Feeling anxious from time to time is something everyone experiences. Usually there is a reason for these feelings of worry, related to an upcoming event, or some sort of pressure we may be under. Job interviews, work projects, finances and family concerns are common things people worry about. Usually once these events or time periods have passed, so to do these feelings of concern. Here are three signs of anxiety you should seek professional help.
However, in some cases, these feelings of worry remain even once the event, or stressor, has passed. And at other times there is no obvious cause or reason for these feelings. In some instances, these feelings can act as an obstacle to your ability to live and function through your everyday life. When this occurs, it is likely that you’re suffering from an anxiety disorder. A common one of which is Generalised Anxiety Disorder, also known as GAD.
When someone suffers from GAD, they are usually in a state of persistent worry and nervousness more often that they are not. Often their worries and fears are difficult to control, taking over their thoughts. And while there may be no obvious cause for the feelings of worry, the feelings are present for long periods.
While the feeling of anxiety within someone suffering from GAD might be less dull than someone who experiences panic attacks, these feelings are present for longer, sometimes constantly. And when someone suffers from GAD, they may realise that their feelings of worry are somewhat more intense than the situation warrants, however they feel that they are unable to control them.
People of all ages, including children, may experience GAD, however, on average it usually starts presenting around the age of 30.
What Causes Generalised Anxiety Disorder?
Potential causes of GAD include:
- Genetics and Family History of Anxiety
- Excessive exposure to a stressful situation
- Learned behaviours and differences in how we perceive threats
- Difference in brain chemistry and development.
The cause of Generalised Anxiety Disorder is not usually due to one of the above factors, rather it is more often a result of a combination of factors that are both environmental and biological in nature.
Difficulties of Anxiety Disorders
Many people avoid seeking treatment for anxiety disorders, including GAD, and this can be for a number of reasons, including:
- Stigma or embarrassment of having a mental disorder
- A feeling or belief that no one can help
- Stubborn self-reliance
- Denial that they suffer from a mental disorder
No matter the reason for not seeking help, because GAD can impact a number of areas of their life, it can be damaging to the person’s overall well-being, so you should seek professional help.
If you believe you, or someone you know, may be experiencing GAD, here are some signs that it may be time to seek professional help.
1. Everyday Tasks become Unmanageable
Unfortunately, work can be a main contributor to feelings of stress and anxiety. This anxiety can be caused by working a stressful role with many competing deadlines, unhealthy colleague relationships, or a toxic work environment.
While no job is perfect, and there may be some form of stress or pressure in any role, when you have feelings of constant stress, or dread over the thought of going to work, this is when it starts to become a problem.
These feelings of stress and anxiety may cause you to:
- Find ways to avoid going into work
- Feeling as if there is no point in going to work
- Having difficulty performing everyday work tasks
An inability to perform everyday tasks in other areas outside work may occur. Things like not cleaning your home for exceptionally long periods of time, when you have the time to do so; catching up with friends; and making appointments and organising your schedules.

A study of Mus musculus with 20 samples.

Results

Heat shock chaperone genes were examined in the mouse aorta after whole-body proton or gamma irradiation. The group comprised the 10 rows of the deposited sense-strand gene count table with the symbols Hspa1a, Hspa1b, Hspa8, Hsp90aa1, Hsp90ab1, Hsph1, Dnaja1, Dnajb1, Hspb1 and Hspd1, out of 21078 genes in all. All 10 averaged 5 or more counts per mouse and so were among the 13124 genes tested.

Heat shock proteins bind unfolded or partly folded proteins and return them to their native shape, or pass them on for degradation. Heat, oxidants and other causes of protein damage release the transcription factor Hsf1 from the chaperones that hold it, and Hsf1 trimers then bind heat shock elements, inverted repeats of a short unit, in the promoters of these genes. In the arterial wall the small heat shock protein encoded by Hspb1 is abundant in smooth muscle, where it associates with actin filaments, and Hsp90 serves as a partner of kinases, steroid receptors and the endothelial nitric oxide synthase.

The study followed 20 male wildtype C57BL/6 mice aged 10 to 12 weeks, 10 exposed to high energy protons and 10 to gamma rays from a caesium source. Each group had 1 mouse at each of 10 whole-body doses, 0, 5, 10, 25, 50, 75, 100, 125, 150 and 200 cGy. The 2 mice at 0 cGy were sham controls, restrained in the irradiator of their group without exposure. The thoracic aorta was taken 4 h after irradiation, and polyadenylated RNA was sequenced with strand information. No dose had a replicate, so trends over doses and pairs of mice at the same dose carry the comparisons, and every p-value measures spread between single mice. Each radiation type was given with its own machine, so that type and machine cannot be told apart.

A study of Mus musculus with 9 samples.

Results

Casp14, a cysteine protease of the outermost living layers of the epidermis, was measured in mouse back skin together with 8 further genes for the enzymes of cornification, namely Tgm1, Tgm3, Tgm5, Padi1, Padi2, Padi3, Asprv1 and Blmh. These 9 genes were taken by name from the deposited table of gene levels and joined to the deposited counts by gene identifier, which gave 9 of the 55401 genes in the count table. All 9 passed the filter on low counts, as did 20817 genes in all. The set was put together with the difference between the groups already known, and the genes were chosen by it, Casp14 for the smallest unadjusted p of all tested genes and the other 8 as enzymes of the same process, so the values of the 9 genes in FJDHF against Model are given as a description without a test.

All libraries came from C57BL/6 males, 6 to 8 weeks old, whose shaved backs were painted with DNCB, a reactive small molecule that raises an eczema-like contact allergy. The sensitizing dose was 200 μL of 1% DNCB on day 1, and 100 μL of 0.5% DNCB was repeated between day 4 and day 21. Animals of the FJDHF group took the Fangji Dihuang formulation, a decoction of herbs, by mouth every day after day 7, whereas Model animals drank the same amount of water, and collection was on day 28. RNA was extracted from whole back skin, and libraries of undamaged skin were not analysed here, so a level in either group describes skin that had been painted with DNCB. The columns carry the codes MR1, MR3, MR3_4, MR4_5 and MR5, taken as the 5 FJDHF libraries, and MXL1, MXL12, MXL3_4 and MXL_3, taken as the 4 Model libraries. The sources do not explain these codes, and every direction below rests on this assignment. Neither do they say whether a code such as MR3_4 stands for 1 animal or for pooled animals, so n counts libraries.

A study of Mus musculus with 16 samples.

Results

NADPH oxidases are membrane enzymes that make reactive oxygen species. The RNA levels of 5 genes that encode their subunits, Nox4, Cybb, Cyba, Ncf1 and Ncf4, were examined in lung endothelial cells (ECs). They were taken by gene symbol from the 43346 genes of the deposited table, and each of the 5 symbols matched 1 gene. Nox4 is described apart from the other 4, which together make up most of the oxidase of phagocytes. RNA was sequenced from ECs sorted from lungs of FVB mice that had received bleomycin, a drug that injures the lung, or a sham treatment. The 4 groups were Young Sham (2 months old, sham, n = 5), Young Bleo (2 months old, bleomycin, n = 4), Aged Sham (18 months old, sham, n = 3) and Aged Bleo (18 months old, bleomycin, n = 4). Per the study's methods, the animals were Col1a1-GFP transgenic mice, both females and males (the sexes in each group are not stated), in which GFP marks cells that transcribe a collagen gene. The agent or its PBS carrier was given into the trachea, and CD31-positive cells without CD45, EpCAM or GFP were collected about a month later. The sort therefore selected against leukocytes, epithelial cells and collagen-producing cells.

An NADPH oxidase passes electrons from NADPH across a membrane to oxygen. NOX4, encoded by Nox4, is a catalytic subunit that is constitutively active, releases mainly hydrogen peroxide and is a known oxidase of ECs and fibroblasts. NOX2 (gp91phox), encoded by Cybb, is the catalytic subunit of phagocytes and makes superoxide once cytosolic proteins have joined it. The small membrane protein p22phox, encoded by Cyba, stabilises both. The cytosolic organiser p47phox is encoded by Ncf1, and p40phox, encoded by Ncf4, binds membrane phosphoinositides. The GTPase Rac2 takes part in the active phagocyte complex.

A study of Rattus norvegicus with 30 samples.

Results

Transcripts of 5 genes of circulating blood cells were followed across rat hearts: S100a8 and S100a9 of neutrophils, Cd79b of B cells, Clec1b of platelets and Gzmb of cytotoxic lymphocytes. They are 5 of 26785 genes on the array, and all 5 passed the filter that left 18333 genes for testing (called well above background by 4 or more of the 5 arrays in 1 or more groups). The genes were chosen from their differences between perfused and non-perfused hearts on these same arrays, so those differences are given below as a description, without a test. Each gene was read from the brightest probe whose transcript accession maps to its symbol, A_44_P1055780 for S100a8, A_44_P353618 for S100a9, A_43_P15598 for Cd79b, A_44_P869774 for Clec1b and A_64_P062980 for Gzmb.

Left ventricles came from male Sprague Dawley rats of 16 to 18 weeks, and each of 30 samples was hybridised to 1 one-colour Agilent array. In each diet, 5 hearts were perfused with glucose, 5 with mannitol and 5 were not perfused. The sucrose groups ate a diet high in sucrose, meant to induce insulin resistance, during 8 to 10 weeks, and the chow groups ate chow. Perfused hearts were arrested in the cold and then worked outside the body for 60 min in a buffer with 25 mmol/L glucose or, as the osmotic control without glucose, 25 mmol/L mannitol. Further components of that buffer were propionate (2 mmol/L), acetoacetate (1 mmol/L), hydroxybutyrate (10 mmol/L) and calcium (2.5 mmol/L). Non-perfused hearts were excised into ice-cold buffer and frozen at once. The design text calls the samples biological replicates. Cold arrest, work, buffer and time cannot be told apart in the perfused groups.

2. Relationships are Affected
Anxiety may not just affect you, but it may have an impact on others. And it can affect you outside of the working world. Your personal life, and relationships, with your partner, friends and family can all be impacted.
You may find yourself pushing away the people you are closest too, friends, family, and your partner, and this could be because of feelings of paranoia and distrust, or because you want to avoid them knowing you are experiencing anxiety. Or on the adverse, you may find yourself becoming overly reliant emotionally on them.
If you find your feelings and behaviour changing towards those that you are close with, and there is no obvious reason for this, it may be time to seek help for your anxiety. And if you are comfortable, confiding in your friends, partner, and family about the feelings you’re experiencing may help you help them understand your behaviour.
3. You’re Experiencing Physical Symptoms of Anxiety
While feelings of butterflies in your stomach when you’re nervous or sweating a little more than usual before a big presentation are normal, there are some physical signs that might point to you having a more serious anxiety disorder.
- Inability to sleep, or sleep well
- Excessive Perspiration
- Stomach Aches or Upset Stomach
- Shallow Breathing
- Feelings of tightness in your chest
- Numbness in extremities
- Chest Pain
It’s not uncommon to experience one of these feelings at some point in your life, but to experience them more frequently and some of them at the same time can be a sign that you are suffering from an anxiety disorder, and that it’s time to seek help.
Anxiety can impact many areas of your life, affecting your relationships, your work, your ability to manage and complete everyday tasks, and your overall quality of life. However, acknowledging that there is something wrong, and seeking professional help can help you improve your quality of life and manage your anxiety disorder. If you’re still unsure if you or someone you know is suffering from anxiety, click here to see how anxiety can ruin your life if left untreated.